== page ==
NJDEP has Finalized its Vapor Intrusion Technical Guidance Document
The NJDEP has recently finalized its revamped Vapor Intrusion Technical Guidance Document to provide more in depth assistance in the evaluation of vapor intrusion concerns. Vapor intrusion concerns relate to the potential for the migration of volatile chemicals from the subsurface and to the overlying structures. The presence of volatile chemicals in the soil or groundwater offers the potential for chemical vapors to migrate through subsurface soils potentially impacting the indoor air (“IA”) quality of effected buildings. NJDEP’s initial Vapor Intrusion Technical Guidance Document was created in 2005, which governed how vapor intrusion investigations were performed on contaminated sites since that time. However, after much discussion amongst stakeholders, on January 13, 2012, NJDEP finalized its Vapor Intrusion Technical Guidance Document.
The new Vapor Intrusion Technical Guidance is designed to help assist the investigator to comply with the requirements of the NJDEP to properly assess the vapor intrusion pathway. The Vapor Intrusion Technical Guidance guides the investigators through the various stages of the process, including receptor evaluation, vapor intrusion investigation, mitigation, monitoring and ultimately termination of the system.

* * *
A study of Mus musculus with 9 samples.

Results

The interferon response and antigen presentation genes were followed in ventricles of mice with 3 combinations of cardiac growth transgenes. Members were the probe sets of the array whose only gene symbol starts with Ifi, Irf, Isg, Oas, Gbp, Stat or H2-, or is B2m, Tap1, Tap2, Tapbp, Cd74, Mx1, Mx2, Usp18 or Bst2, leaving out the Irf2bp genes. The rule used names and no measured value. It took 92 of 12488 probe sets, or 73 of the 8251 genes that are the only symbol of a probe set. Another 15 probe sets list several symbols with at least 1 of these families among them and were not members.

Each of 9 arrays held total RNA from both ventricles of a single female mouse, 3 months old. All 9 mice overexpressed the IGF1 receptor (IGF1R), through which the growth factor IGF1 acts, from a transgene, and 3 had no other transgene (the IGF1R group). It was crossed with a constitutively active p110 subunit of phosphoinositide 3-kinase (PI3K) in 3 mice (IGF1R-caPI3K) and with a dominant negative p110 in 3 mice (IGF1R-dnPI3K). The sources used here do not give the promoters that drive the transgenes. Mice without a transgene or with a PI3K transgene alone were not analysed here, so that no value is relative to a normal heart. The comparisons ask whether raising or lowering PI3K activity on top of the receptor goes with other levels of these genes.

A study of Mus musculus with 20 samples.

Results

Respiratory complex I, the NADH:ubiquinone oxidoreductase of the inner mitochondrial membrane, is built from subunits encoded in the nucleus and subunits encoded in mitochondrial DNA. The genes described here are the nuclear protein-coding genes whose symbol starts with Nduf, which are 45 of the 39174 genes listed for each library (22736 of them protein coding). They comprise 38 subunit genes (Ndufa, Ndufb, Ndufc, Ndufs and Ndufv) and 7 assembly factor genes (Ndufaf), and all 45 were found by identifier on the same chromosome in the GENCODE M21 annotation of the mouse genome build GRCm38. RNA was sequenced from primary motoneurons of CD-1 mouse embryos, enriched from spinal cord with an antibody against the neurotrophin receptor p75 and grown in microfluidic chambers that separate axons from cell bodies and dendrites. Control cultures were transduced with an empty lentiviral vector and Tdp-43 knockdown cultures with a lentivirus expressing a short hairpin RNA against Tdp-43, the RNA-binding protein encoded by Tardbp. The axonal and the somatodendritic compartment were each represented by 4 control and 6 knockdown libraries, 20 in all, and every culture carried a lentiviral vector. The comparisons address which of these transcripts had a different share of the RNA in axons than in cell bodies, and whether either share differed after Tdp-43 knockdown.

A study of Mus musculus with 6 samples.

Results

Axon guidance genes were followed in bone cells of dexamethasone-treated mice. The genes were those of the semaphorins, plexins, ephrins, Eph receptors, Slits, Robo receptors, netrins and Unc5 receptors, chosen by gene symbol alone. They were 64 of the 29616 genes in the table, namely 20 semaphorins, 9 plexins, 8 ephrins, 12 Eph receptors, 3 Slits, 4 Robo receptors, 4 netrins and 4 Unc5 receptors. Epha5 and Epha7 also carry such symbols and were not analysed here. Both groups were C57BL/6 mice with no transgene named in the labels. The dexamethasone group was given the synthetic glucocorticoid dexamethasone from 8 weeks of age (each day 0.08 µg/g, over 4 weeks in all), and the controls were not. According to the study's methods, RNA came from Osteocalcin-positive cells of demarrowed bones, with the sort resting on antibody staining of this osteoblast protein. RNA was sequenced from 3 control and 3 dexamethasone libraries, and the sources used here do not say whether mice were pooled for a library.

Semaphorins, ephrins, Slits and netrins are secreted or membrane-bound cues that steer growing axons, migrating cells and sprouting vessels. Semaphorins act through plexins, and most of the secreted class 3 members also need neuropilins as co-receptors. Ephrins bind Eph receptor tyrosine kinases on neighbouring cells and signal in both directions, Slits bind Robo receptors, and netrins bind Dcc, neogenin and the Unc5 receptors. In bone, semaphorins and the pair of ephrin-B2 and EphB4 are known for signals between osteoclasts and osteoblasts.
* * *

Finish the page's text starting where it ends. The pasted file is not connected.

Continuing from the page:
Basic concepts, such as conceptual site models and multiple lines of evidence, are presented and their application to the vapor intrusion assessment are detailed. NJDEP provides recommended protocols for investigating the vapor intrusion pathway, including the recommended number of sub-slab soil gas samples and indoor air quality samples collected based on the size of the building footprint and numerous other technical factors. Indoor air analytical results are compared to the indoor air screening levels and the rapid action levels (“RALs”). An immediate environmental concern is present when a vapor intrusion related indoor air concentration exceeds the RAL, the source of the exceedance is due to a discharge, and a completed pathway into the structure for vapor intrusion has been confirmed. If an immediate environmental concern is identified, specified action items are required on an expedited basis. On the other hand, if a vapor intrusion related indoor air concentration exceeds the indoor air screening level, but is equal to or less than the RAL, a vapor concern exists but the timeframes to act are not as onerous as with an immediate environmental concern.
NJDEP additionally provides design, mitigation and post-mitigation procedures as well as the appropriate monitoring provisions in its most recent Vapor Intrusion Technical Guidance Document.
The NJDEP’s Vapor Intrusion Technical Guidance Document and associated tables are located on the NJDEP’s vapor intrusion website.
As the law continues to evolve on these matters, please note that this article is current as of date and time of publication and may not reflect subsequent developments. The content and interpretation of the issues addressed herein is subject to change. Cole Schotz P.C. disclaims any and all liability with respect to actions taken or not taken based on any or all of the contents of this publication to the fullest extent permitted by law. This is for general informational purposes and does not constitute legal advice or create an attorney-client relationship. Do not act or refrain from acting upon the information contained in this publication without obtaining legal, financial and tax advice. For further information, please do not hesitate to reach out to your firm contact or to any of the attorneys listed in this publication.